SXSW 2018: Unfriended: Dark Web Review – A Suspenseful Descent Into Internet Terror
Written and directed by Stephen Susco
It’s hard to call Unfriended: Dark Web a sequel to Blumhouse’s 2014 supernatural horror film Unfriended. While the latter was a haunting story, the former is based purely in reality, resulting in a truly suspenseful movie that offers dire warnings about the internet and how carefree we are with our technology. Although stylistically similar, the sequel is a stark departure.
Unfriended: Dark Web follows Mattias (Woodell), who opens the film by starting up a laptop he recently purchased – later revealed to be stolen – and finding a way to decipher the password. Once in, we see a suspiciously empty desktop with only the hard drive icon present. After putzing around a bit by Facebook messaging his girlfriend, Amaya (Nogueras), and Skype chatting with several of his friends, he reveals a hidden folder that is packed to the brim with videos of people in their homes doing everyday tasks, as though they are unaware that they were being recorded.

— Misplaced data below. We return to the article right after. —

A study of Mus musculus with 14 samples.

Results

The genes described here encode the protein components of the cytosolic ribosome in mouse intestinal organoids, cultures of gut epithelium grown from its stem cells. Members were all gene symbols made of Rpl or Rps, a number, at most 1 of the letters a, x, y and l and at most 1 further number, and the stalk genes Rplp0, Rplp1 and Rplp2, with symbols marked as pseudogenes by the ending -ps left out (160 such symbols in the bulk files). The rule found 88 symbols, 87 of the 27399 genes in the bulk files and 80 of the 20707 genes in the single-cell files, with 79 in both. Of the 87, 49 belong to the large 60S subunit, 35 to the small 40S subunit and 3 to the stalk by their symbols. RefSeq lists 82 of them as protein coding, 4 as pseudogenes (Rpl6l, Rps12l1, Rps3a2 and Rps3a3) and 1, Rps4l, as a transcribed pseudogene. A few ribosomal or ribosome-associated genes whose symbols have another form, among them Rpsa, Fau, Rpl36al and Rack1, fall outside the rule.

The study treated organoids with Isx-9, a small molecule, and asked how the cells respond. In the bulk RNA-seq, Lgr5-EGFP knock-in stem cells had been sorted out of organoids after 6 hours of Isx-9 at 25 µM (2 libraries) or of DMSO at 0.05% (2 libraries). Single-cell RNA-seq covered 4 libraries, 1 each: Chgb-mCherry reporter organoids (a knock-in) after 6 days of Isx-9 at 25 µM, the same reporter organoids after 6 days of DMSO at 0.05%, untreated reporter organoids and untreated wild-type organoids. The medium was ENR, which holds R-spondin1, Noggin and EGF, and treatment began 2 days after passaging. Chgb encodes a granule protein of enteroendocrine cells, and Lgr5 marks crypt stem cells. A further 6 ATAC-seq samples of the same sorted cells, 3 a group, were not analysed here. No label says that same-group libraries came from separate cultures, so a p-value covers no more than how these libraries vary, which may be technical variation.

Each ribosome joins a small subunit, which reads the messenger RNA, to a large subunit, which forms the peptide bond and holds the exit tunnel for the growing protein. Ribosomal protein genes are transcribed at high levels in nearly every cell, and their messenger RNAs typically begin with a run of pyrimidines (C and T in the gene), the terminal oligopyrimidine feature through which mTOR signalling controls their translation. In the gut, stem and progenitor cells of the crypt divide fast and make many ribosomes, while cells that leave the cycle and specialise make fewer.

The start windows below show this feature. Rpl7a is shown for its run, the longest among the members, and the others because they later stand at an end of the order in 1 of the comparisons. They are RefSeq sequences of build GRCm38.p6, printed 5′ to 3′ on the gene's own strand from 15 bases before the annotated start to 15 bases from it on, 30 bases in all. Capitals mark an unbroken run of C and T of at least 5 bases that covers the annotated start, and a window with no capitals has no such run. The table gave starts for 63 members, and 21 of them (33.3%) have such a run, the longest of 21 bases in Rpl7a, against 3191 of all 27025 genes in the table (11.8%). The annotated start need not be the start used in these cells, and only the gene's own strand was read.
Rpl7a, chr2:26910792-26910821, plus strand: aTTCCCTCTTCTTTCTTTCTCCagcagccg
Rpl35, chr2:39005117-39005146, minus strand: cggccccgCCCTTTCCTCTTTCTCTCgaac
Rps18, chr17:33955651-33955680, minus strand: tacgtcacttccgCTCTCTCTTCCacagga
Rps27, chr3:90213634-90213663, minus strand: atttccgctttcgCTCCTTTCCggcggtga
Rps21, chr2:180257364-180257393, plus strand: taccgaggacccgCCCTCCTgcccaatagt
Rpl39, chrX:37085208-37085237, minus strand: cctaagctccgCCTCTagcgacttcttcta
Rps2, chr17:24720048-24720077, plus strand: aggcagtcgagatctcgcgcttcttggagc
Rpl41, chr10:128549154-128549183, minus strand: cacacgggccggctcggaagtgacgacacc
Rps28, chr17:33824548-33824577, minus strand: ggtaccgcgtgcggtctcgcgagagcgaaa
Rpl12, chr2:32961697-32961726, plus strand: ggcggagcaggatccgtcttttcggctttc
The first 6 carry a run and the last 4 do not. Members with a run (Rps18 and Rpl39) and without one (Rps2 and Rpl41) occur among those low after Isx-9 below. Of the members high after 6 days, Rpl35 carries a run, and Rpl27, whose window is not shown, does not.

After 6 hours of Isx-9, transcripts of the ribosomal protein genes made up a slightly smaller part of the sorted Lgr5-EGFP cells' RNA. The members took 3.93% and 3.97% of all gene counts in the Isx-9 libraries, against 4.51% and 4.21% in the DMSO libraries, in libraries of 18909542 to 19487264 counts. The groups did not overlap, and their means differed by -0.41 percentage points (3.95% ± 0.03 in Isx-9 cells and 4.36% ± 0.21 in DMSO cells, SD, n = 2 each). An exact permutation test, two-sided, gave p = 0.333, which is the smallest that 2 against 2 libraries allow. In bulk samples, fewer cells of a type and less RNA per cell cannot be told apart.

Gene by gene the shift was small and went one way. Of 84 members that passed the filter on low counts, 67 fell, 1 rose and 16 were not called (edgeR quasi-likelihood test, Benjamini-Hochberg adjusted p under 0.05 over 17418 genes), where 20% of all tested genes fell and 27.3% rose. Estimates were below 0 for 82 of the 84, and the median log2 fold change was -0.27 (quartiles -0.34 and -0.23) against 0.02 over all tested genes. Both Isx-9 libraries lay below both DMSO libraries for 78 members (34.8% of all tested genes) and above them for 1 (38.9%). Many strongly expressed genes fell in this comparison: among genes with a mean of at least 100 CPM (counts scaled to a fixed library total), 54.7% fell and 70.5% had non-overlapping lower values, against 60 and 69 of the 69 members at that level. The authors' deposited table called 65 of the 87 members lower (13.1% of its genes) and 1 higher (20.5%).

This leads Mattias and his friends to discover that this laptop is being used for something called “The River,” a portal into the Dark Web where mysterious avatars, each a different numbered “Charon,” make horrifying requests. Once they’re discovered, the real game begins; and the lives of everyone is at stake.
Unfriended: Dark Web is a tense film, there is no doubt about that. While it embraces using tried-and-true jump scares, the movie excels at building tension by making it clear how vulnerable this group of friends really is. Since they’re infinitely more likable than the characters of the first film, their peril feels more unsettling. Furthermore, the premise of the “mistake” that kicks everything off is much more innocent. Stealing a laptop out of desperation versus uploading a video to humiliate a young woman into killing herself? It’s clear that Unfriended: Dark Web‘s infraction doesn’t warrant the response we see unfold.
Apart from some obvious exaggerations when it comes to the timing within the film’s world and some very silly simple mistakes (at one point we see that the laptop has a few hundred kilobytes of free space, but that’s immediately followed by Mattias downloading a 6Mb file…), Unfriended: Dark Web is an unrelentingly effective, albeit cruel, experience. If you’ve never thought to put tape over your webcam, this movie will scare you into doing so.
A dark, grim, and truly unsettling example of tech-horror, Unfriended: Dark Web is a reminder that we’re never safe from prying eyes.